The declaration of land as state land and the registration of state land in the land registry has, since 1967, been the principal method used by Israel to take control of land to build settlements and create land reserves for their future expansion.123 Until then, the state relied on the claim of “military need” to seize private land, which often required that it prove to the High Court of Justice that the taking indeed was a military necessity.
In implementing this procedure, Israel relies on its manipulative use of the Ottoman Land Law of 1858, which was incorporated in British Mandate legislation, and later in Jordanian law. This law was part of the local law at the time Israel occupied the West Bank, and as such has remained in effect. The law states that a person may acquire ownership of farmland and register it in the land registration office (Tabu) after working it for ten consecutive years. If the person ceases to work the land for three consecutive years, the land is considered state land, and possession is transferred to the government. The power to declare land state land and to administer it is given by the Israel military legislation to the Custodian for Government and Abandoned Property in Judea and Samaria.
A parcel of land that is examined prior to registering it as state land is classified as “survey land.”126 Until the check is completed, the Custodian declares the parcel state land and enables
Palestinians who claim rights in the parcel to file an appeal before a military committee within forty-five days of the declaration. At the end of this period, or following the committee’s decision rejecting an appeal that was filed, the land is registered as state land.
From 1979-1992, the Custodian registered 908,000 dunams as state land. The procedure for declaring and registering land as state land was suspended from 1992 to 1996, when Yitzhak Rabin was prime minister. It was re-instituted in 1997.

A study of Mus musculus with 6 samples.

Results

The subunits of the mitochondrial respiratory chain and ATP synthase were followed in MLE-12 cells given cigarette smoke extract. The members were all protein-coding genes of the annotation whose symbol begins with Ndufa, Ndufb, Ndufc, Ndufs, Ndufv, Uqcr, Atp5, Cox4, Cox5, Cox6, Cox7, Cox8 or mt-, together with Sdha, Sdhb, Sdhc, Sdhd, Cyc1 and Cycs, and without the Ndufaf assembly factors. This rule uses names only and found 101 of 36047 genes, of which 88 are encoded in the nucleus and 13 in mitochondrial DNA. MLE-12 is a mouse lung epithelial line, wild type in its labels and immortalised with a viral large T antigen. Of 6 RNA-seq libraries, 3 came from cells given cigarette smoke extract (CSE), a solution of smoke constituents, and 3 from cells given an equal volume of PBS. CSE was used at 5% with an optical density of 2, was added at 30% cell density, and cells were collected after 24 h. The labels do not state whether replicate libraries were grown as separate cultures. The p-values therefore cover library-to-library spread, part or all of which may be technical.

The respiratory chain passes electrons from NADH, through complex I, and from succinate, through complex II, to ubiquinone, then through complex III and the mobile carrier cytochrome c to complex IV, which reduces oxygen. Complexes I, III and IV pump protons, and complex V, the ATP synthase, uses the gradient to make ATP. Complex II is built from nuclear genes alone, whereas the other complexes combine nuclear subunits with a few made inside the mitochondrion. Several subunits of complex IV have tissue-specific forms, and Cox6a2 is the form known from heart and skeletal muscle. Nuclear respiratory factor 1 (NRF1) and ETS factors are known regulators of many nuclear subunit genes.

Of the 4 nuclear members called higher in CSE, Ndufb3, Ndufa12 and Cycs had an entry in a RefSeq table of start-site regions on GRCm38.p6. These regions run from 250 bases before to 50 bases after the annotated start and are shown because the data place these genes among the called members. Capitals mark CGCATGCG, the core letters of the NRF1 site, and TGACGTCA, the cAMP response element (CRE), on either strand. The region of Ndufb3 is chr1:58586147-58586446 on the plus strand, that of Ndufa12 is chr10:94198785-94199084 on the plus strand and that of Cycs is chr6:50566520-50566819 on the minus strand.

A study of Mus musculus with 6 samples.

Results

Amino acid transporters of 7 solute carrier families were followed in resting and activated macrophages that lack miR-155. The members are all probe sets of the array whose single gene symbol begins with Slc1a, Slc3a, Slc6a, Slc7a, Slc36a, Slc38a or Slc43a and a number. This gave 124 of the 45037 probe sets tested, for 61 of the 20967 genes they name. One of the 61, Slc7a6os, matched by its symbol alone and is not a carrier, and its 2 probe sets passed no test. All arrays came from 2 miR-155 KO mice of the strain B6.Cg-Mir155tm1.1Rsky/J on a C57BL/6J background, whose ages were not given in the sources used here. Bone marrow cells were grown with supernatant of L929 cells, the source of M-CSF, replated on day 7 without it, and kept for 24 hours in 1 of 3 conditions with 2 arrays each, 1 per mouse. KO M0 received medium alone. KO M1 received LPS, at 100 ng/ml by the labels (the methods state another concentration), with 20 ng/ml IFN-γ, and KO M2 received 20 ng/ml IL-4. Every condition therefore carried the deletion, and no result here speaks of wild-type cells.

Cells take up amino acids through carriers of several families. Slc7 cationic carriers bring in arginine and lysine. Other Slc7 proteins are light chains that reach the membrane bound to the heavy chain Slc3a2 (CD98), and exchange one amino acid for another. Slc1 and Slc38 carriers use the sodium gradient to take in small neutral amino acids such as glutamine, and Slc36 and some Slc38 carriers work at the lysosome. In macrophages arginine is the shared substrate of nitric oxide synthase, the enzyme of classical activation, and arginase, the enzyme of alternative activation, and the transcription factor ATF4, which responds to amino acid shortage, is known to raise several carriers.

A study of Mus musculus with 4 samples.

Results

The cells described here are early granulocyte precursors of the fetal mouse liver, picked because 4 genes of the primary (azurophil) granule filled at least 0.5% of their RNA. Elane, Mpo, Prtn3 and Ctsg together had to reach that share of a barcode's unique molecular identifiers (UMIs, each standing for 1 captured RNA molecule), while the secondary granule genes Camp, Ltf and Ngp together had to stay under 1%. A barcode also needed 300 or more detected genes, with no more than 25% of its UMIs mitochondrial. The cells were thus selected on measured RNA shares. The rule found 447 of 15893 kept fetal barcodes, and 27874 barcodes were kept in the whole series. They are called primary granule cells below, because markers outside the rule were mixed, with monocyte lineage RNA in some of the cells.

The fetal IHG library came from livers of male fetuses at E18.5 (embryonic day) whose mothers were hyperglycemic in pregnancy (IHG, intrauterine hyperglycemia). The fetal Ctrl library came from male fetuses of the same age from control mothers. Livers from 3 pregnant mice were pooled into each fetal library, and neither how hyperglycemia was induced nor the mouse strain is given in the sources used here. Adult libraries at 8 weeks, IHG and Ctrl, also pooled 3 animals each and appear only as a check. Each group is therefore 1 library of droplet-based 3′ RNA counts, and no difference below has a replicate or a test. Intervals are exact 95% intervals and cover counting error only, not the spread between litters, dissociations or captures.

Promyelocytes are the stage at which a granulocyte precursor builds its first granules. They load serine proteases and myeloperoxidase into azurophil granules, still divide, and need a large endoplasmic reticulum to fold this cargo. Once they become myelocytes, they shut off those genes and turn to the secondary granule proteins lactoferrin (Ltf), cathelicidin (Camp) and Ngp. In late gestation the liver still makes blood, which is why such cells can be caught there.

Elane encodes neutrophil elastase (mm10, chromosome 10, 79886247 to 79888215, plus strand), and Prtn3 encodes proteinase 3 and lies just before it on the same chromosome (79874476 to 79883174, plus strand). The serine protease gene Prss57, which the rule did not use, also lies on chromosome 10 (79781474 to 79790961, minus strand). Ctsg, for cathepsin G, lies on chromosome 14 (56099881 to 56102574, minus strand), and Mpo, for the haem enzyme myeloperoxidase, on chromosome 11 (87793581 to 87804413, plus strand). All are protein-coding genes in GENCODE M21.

A substantial portion of the land registered as state land and used to establish settlements and land reserves for their expansion was, even according to a strict reading of the Ottoman Land Law, privately owned by Palestinians. Israel’s illegal seizure of private land was possible, in part, because of the nature of the bureaucratic process in which the taking of control was carried out. Often (primarily in the 1980s), notice of declaration of a particular parcel as state land did not reach the Palestinians, and when it did, the time for filing an appeal had already passed.
Also, for a variety of reasons, Palestinians were unable to successfully compete against the military authorities at the appeals hearing. Even worse, there have been many cases in which Israel related to survey lands (the land that had not been proven to be state land) as if they were registered state land, and allocated them to the settlements.
It should be noted that, even if Israel had followed the strict letter of the Ottoman Land Law fairly and justly, and had not declared privately owned land as state land, the state has acted improperly because it administered the state land in a discriminatory and illegal manner. State land is public property, belonging to the lawful residents of the West Bank. The role of the occupying state, as the temporary substitute for the sovereign, is to administer the public land for the benefit of that public, or to meet its military needs in the occupied territory. Rather than act in this way, since it began to take control of state land, Israel has completely denied the Palestinians their right to use these lands, and has allocated them only for the establishment and expansion of settlements.